A day scuba diving in the Komodo National Park is always a treat, but manta ray season is definitely the best time to do so. From about November to May each year, this part of the Coral Triangle is bombarded by these spectacular creatures at several of our favorite dive sites in Komodo. No matter if you’ve never seen one, or you have seen hundreds, witnessing the dance and grace of the manta ray in Indonesia is sure to be the highlight of your trip.
The Manta Rays in Komodo
There are two manta ray species that you can see in the Komodo National Park. They are the Reef Manta Ray (Manta Alfredi) and the Giant Manta Ray (Manta Birostris). The average wingspan for these creatures can get up to 5 to 8 meters wide and weigh about 3,000 pounds. The average lifespan, depending on the species, ranges from 20 to 50 years and during that lifetime, the females only give birth about every other year to one or two pups.
We still know very little about the Manta Ray population, but research is growing
Each manta ray has its own distinctive markings which make it easy for researchers to keep track of them. The manta ray program in Komodo, called Manta Watch, utilizes these markings in order to track migration patterns and population. The graceful manta ray can travel huge distances and will tend to visit places called cleaning stations so that small fish will remove the parasites from their bodies. These locations are usually shallow and also great for feeding so the manta ray will stay for a while which is great for us divers. At these stations, they get cleaned up while munching on delicious plankton. They eat by filter feeding using their cephalic fins to guide the flow of water towards their mouth.
Where will you see Manta Rays in the Komodo National Park?
The two main cleaning stations in Komodo Central are Makassar Reef and Mawan Reef. Here, you will have the highest probability of seeing one (or many) Manta Rays during the season. Even if they aren’t there, these dive sites are beautiful in their own right. Read more about Makassar Reef and Mawan Reef in our Dive Komodo dive site blog series here! Of course, heading to the northern part of the park gives you an even greater opportunity to see manta rays all year long. Due to poor weather, the northern part of the park is usually not visited during the months of January and February.
How has ecotourism changed the marine activity industry in Indonesia?
Here in the Komodo National Park, manta rays are part of the main tourist attraction along with our beautiful reefs, marine biodiversity, and strong currents. These gentle giants flock to this area every year because of the cooler water temperatures and a higher volume of food.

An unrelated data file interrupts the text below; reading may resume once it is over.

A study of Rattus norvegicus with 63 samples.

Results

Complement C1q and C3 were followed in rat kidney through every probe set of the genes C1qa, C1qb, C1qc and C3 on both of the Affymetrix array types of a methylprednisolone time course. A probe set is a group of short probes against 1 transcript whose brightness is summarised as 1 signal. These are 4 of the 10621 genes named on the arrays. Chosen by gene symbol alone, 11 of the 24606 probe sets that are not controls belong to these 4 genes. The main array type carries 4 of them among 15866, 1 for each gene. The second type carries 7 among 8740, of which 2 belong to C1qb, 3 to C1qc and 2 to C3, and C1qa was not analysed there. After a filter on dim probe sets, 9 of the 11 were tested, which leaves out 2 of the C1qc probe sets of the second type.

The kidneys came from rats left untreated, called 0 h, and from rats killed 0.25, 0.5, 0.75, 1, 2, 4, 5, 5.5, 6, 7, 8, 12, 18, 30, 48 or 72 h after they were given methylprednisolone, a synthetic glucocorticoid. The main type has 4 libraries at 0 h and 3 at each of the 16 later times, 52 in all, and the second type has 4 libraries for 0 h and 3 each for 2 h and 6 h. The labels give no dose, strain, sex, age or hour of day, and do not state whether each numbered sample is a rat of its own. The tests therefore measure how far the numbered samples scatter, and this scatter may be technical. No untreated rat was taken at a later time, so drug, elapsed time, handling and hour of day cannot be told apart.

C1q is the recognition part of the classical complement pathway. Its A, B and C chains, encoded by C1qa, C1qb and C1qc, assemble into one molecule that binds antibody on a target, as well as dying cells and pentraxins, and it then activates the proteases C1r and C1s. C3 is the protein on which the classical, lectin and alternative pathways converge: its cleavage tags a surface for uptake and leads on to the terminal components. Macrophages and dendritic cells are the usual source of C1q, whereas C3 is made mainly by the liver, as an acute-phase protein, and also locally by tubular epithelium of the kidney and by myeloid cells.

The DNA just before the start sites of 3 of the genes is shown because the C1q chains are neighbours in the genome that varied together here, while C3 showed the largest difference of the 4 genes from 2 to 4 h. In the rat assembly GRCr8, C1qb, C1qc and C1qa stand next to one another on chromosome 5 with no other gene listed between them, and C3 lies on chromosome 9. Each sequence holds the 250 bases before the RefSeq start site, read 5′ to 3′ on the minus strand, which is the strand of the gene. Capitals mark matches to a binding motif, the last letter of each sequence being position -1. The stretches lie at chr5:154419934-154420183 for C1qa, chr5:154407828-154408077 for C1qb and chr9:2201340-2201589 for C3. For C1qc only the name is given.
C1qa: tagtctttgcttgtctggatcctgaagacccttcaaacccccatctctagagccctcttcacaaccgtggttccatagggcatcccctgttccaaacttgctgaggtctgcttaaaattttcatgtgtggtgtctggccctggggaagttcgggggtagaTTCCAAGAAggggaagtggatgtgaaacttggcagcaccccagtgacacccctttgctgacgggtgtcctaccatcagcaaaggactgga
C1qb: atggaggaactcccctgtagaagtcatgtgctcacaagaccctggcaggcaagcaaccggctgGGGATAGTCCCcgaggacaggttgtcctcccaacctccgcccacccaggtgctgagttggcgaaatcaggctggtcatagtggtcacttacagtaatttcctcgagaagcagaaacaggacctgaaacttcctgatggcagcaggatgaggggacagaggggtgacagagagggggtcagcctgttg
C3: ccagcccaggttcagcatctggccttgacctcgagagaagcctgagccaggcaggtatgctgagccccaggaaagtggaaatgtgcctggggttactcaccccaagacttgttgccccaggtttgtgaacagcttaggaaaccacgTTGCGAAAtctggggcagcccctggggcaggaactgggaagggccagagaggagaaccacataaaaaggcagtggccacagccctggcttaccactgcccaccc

Manta rays haven’t always been respected and cared for in Indonesia. However, even though there are still fishing communities along the coastlines, giant strides have been made in the conservation of these beautiful creatures. In 2014, the Indonesian government announced that over 6 million square kilometers of Pacific and the Indian Ocean would be protected in what is now known as the ‘world’s largest manta sanctuary.’ This has been an important move for a country with over 17,000 islands and a huge amount of oceanic influence as one of the former largest manta and shark hunting cultures.
The benefits of stopping the manta ray hunt in Indonesia
Why has this change occurred? Besides getting a lot of poor press from conservation groups all over the world, the big influence, as always, comes down to numbers. Ocean ecotourism revenue has skyrocketed and Indonesia is seeing the direct benefits of saving manta rays in the tune of $15 million USD annually versus a measly $400,000 from hunting. Just one manta ray kept alive and in the ecotourism market is calculated to be worth over $1 million USD over its lifespan so really, this decision comes down to smart business for these fishermen.
All in all, we are happy to be a part of the growing ecotourism industry in the Komodo National Park. We believe in helping the communities move towards sustainable activities and our goal is to help these beautiful species from disappearing from our oceans.
IDC Staff #320212
We are a PADI dive center in Labuan Bajo, Indonesia offering daily dive trips to the Komodo National Park. The PADI courses available include Discover Scuba Diving, Open Water, Advanced, Rescue, EFR, Divemaster and Sidemount. Join us for an unforgettable experience diving in one of the top dive destinations in the world!